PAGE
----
Hundreds of students filled up the entrance hall of the E-building at Roeterseilandcampus last Wednesday in anticipation of a visit from Carles Puigdemont, former president of Catalonia. Following the Spanish state’s rejection of Catalonia’s referendum on independence in early October 2017 – an event marred by police brutality and interference – Puigdemont has lived in exile in Belgium. He is still a wanted man in Spain, with authorities continuing to pursue him for charges of rebellion and sedition. Room for Discussion, the group hosting the event, had invited the former premier for an interview about his experiences and the future of Catalan separatism.
The accounts and details of the police action against the referendum were the most compelling part of Puigdemont’s talk. Ballot boxes and ballots had to be bought in China and stored in France, only brought into Catalonia in the last second to avoid their interception. Puigdemont’s account of his personal effort to vote sounds like it was lifted straight out of a crime novel. Followed by a police helicopter, he switched cars on the way to a polling station, letting his official car drive back to his house three times while he stayed with family members. In moments like these, his message about the importance of people being able to speak their mind not only in the streets but also on the ballot paper has the most power.
Throughout the interview, however, Puigdemont fell back onto generic principle too often. Having opened the talk by stating that he sees it as his duty to explain why he took the actions he did last October, and following the motto “Democracy in Crisis” that stands above the Room for Discussion event series, Puigdemont took the role of an advocate for the pro-independence’s voice. The man of the hour did so not with a cogent speech and sharp argumentation, but by retreating to his iron principle throughout the talk; “the people should have a right to have their voice heard and determine their future.” This, however, was not enough to convince some audience members. Luisa, a second-year studying Communication and Media, described how “There was no legal backing” for this attempt at independence and if it is entertained, “It sets a dangerous precedent across Europe”.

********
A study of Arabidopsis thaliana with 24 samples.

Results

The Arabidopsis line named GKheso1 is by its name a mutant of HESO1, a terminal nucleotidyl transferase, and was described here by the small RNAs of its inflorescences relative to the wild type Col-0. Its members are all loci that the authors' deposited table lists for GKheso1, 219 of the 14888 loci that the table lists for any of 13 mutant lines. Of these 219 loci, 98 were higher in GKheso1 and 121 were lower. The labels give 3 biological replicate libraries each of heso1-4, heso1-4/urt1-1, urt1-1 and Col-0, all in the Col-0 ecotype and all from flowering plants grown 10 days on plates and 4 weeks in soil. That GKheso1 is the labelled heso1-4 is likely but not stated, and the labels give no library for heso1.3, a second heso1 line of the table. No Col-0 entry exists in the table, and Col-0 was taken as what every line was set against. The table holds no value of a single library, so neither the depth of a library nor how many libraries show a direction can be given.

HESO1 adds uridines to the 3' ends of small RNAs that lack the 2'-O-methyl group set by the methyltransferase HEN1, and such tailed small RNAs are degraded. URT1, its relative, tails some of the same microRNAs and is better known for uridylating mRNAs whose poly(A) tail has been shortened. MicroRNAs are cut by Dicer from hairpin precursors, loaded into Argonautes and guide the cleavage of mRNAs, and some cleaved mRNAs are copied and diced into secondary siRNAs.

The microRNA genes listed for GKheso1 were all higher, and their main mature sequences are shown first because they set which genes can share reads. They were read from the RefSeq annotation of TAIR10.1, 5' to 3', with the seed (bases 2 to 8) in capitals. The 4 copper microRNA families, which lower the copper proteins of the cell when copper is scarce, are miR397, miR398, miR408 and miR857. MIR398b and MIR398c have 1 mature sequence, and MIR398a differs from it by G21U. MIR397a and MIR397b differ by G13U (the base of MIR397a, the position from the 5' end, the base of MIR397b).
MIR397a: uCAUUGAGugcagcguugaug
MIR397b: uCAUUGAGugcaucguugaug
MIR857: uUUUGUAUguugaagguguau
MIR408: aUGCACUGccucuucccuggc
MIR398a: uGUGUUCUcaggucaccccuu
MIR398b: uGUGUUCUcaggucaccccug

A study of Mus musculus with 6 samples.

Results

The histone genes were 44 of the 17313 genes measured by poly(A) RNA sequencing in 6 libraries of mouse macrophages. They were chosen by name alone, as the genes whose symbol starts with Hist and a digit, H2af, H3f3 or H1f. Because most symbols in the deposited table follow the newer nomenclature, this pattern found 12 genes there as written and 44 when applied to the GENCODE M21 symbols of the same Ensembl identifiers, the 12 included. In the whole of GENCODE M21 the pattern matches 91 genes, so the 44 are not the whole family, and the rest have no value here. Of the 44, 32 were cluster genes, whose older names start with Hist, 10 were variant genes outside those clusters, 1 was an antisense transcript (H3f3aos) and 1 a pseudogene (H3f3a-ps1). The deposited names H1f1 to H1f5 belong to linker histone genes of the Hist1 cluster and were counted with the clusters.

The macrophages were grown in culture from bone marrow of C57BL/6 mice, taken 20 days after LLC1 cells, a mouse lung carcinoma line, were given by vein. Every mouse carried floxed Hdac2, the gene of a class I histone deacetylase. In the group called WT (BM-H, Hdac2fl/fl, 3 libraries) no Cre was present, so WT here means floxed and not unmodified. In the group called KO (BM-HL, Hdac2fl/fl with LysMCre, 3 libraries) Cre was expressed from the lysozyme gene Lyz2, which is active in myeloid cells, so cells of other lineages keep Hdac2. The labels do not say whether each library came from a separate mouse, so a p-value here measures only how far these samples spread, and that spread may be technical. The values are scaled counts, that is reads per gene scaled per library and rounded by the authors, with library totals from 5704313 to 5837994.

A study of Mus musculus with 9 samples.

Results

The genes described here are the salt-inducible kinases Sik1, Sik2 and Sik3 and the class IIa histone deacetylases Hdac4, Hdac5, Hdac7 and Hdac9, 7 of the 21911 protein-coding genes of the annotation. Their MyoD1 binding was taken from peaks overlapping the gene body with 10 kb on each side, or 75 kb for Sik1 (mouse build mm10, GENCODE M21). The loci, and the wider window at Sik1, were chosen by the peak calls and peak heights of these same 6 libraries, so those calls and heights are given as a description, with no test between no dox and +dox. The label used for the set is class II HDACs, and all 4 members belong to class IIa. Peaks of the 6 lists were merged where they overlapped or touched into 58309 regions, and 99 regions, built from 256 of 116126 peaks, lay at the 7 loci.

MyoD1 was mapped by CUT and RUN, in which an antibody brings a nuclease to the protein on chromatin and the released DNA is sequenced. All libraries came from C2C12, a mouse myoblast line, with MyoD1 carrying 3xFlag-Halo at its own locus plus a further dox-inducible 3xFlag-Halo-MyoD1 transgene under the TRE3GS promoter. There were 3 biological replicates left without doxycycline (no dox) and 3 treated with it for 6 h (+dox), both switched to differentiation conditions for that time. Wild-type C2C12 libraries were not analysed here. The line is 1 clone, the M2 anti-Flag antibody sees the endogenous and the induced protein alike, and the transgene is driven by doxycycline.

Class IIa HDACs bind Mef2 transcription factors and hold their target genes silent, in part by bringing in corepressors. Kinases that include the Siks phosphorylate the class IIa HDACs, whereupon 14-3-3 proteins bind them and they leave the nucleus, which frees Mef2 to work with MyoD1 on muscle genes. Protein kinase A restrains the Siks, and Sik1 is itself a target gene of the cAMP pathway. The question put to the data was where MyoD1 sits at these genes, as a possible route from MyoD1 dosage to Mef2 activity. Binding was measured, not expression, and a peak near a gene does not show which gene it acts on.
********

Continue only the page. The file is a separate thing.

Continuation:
Such a principle is hard to argue against, but also remains rather vague. Students attending the interview generally agreed that his appeal was not connecting with them, stating that it was too generic and not daring enough for the setting. While some thought this was due to the Catalonian ex-president’s dodging of critical questions, others chalked it up to the interviewers not digging deeper into what was a good appeal by Puigdemont. Max, who hails from Catalonia and is in his third-year at UvA studying Political Sciences, echoed these frustrations that Puigdemont “relied too much on platitudes and not enough on the historical and contextual justifications for Catalonia’s rightful independence.”
The interviewers and members of the audience tried to nail down their guest by presenting him with potential scenarios such as a compromise with Spain that gives Catalonia greater independence within the country, or a referendum to include all of Spain. The answer to these suggestions was mostly the same which may or may not be worth considering, depending on the views of the Catalan people. But – for the moment at least – those answers are not on the table.
Puigdemont did give, however, one clear message, often overlooked in the media reporting on Catalonia: a resoundingly pro-European call. Puigdemont emphasised that the crisis following the referendum was a European one, and that Europe – its individual countries, but also the EU – needed to defend its democratic values assertively rather than treating the crisis as internal Spanish politics. His vision of Europe was one of a community serving its citizens.
This sentiment was present from the start when he said that he felt home in Belgium, the nucleus of an integrated Europe. A federal Europe that is geared towards its citizens and allowing cultural expression, rather than focusing on the idea of nationality and nation-states, was what he outlined as Catalonia’s ideal home. When pressured on the question of whether Catalonia could stay in the EU, he affirmed that “we do not believe in a Catalonia outside Europe”. In an evening saturated in talk of principles and values, it was a rare moment of clarity in his message – but one that shows us that the visionary power of Europe is alive.